The Authentic You

The Authentic You

How many times have we found ourselves in a conversation with someone that is full of it? Unfortunately, it is likely we all know at least one person, family member or coworker. Someone always trying to sell you on who they are, or promote themselves with every chance they get to speak. But this piece is not to complain about others.

It is about you. How do you know that’s not you?

How do you know how you are coming across to others? Who do they think YOU are? I have three things.

One: Get to know yourself how others know you.

Well first, you’d need to ask. The fascinating thing about feedback is that it is totally necessary and crucial to our progress in life yet most of us have learned how to totally avoid it. For those of you that love giving honest feedback, you know that it doesn’t “make people happy”. Remember that critique is an art though and it is important to understand that if someone doesn’t already respect you or have that relationship with you, then they won’t be able to receive your feedback.

So whose feedback do you respect? Who gives you the real answer and doesn’t sugar coat it or try to manage your feelings? Are the people around you dedicated to pleasing you or building authentic connections?

Therein lies the primary issue with getting to know ourselves, we may have surrounded ourselves with a lot of “yes sir”, “yes ma’am” followers and nobody that gives it to us straight. 

“Fake friends write the wrong answers on the mirror for me” -Lil Wayne, Right Above It

Find a few real friends and and get some real feedback… ASAP.

Two: Be thankful for the honest feedback. 

Imagine yourself at the dinner table and your mom or dad is telling you all the things that they are worried about… Do you get defensive?

Why do you think that is? If what they were saying really was crazy and off target, then why did it provoke such a response?

Here is a better response: Thank you for caring enough about me to be honest with me. 

Often we are defensive after we get some feedback, but, in my experience, the more triggered I am, the more true the feedback. If someone were to call you what you are not, then you would not experience emotion. You’d think “who cares?” But when someone says something that lands, we can feel our response build and grow inside of us. I.e If you call an honest man a liar, he will be indifferent but if you call a dishonest man a liar, he might try to hurt you.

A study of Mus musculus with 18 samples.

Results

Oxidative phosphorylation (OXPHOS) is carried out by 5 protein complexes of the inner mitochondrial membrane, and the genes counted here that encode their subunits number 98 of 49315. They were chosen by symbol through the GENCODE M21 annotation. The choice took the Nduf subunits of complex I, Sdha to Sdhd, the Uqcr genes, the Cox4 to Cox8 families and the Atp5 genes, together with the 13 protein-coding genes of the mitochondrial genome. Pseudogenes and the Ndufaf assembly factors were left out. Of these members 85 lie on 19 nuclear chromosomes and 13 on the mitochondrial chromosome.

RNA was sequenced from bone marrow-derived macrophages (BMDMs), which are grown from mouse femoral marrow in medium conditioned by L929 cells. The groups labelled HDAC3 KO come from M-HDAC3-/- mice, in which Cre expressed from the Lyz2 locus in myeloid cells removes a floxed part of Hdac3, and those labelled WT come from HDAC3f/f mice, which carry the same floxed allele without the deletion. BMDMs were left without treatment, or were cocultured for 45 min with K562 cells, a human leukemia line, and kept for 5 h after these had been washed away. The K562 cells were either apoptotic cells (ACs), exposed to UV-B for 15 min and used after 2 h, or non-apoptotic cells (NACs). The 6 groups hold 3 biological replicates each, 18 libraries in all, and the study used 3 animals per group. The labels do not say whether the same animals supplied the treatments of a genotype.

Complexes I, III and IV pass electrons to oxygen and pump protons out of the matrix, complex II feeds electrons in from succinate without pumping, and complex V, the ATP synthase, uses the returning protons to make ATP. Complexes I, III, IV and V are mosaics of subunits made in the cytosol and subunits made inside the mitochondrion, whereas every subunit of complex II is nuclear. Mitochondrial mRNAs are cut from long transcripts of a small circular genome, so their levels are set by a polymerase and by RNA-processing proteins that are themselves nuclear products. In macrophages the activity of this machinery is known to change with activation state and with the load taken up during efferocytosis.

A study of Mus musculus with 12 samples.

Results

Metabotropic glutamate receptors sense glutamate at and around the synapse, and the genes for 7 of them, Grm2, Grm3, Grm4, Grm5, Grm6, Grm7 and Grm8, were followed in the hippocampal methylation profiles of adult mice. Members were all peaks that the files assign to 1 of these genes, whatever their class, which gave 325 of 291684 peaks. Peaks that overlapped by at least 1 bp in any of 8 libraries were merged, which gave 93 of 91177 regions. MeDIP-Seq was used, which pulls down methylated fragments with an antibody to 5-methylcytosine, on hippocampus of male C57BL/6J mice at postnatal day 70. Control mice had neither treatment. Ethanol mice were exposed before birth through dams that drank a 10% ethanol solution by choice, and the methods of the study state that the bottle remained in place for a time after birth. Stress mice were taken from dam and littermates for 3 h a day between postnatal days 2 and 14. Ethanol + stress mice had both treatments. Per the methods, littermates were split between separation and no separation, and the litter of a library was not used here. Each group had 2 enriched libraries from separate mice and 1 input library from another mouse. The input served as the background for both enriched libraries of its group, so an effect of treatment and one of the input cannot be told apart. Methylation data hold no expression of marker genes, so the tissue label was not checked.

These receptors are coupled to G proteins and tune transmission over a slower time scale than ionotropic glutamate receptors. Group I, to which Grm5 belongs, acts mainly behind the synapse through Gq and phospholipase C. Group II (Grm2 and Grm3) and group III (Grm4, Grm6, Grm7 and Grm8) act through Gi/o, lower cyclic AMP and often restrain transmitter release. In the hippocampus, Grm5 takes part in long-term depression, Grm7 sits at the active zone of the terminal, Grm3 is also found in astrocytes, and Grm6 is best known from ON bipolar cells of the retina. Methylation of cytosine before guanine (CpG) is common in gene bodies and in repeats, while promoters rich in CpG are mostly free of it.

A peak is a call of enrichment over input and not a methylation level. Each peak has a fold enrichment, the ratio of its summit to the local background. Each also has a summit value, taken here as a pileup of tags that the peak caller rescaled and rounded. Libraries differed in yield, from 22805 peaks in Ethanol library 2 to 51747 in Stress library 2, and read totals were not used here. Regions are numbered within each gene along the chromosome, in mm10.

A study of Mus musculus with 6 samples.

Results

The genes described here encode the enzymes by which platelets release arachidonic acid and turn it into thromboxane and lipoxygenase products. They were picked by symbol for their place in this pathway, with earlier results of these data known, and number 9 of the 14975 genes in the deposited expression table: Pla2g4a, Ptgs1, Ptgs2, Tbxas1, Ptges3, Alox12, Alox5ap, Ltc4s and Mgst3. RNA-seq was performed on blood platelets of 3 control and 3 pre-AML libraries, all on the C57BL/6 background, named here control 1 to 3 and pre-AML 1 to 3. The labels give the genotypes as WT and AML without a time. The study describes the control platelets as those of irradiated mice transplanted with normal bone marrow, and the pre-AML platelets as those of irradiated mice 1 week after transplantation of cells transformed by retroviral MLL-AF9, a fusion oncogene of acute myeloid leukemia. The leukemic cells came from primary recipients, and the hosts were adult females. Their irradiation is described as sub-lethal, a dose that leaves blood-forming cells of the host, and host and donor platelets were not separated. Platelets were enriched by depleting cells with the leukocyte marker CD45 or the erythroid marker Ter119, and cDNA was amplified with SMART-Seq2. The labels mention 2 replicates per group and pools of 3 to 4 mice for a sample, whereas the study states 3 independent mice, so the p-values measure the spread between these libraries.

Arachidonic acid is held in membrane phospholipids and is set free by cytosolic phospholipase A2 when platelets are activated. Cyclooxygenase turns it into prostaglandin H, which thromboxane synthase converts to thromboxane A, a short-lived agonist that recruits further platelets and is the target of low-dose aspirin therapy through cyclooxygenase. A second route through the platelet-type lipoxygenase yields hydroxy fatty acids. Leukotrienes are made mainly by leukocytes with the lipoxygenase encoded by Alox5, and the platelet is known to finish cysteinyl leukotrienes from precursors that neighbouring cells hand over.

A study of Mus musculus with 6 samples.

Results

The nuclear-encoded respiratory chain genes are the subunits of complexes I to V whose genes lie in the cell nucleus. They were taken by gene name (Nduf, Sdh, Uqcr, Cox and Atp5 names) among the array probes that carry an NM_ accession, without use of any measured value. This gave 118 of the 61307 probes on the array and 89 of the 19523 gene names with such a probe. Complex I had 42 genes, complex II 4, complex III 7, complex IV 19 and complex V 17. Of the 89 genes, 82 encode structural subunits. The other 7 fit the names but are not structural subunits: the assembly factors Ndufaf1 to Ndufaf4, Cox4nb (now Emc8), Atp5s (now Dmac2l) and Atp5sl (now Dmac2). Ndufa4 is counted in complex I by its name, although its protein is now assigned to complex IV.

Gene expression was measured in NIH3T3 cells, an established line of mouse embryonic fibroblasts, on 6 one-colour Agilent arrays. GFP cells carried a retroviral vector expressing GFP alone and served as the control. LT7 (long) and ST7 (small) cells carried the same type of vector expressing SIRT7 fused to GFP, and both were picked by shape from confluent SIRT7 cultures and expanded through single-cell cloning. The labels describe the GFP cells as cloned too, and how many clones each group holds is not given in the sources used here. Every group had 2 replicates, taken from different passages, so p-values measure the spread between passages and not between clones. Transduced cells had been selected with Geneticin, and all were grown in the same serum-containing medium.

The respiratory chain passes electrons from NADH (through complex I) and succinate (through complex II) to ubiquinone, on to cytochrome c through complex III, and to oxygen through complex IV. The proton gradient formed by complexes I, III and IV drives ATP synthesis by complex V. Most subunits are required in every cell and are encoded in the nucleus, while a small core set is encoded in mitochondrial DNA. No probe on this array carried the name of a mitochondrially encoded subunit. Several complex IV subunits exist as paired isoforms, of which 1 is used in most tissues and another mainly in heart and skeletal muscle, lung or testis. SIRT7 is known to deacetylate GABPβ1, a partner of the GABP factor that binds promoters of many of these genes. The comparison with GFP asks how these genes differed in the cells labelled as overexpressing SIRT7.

The point is that we have conditioned ourselves to react a certain way to our emotions and our beliefs about ourselves. So when someone critiques us, instead of accepting it, we deflect it and continue on being whatever we are being. It feels like they are attacking our identity when, in essence, they are merely critiquing a set of behavior that is bothersome.

Try saying thank you instead, even if they are dead wrong, it is good practice for patience. Also, take feedback for what it is: words.

Three: Be consistent and be committed moving forward. 

In scientific experiments there are dependent variables, independent variables, and constants. The dependent are dependent upon the outcome, the measured data. Whereas the independent variables are manipulated in the experiment.

As humans, free will enables us to view everything as impermanent, ever-changing. Constants are the most important variables to focus on though, this helps scientists to further understand results and also enables replicated and repeated testing. Or, in our case, replicated and repeated failure and success. You would like to repeat the latter, right?

In science, this might be temperature, size, pH, or instrumental measures, but in everyday life, we use values. Things like integrity, confidence, passion, love, courage, etc. The level of alignment we feel internally with these values are our objective data on which we can understand ourselves.

How we stick to our values is how we are typically judged inaccurately. Often we try to connect our head to our heart by putting our heads up our you know what. Similarly, as an experiment can be unreliable, our judgement of ourselves can be just as untrustworthy. The way in which an experiment can be inaccurate, we can have unrealistic beliefs about ourselves and our abilities. 

“Everything can be taken from a man but one thing: the last of the human freedoms — to choose one’s attitude in any given set of circumstances, to choose one’s own way.” -Viktor Frankl, Man’s Search for Meaning

We might not be able to choose what happens and we end up having, we may not even be able to choose what we are forced to do to get by and make ends meet, but we can choose who we are going to be, what attitude we are choosing to have in any given set of circumstances. Perhaps the authentic life we want to live can be replicated, refined and repeated. We can maintain that consistency today, tomorrow and even long after our time here.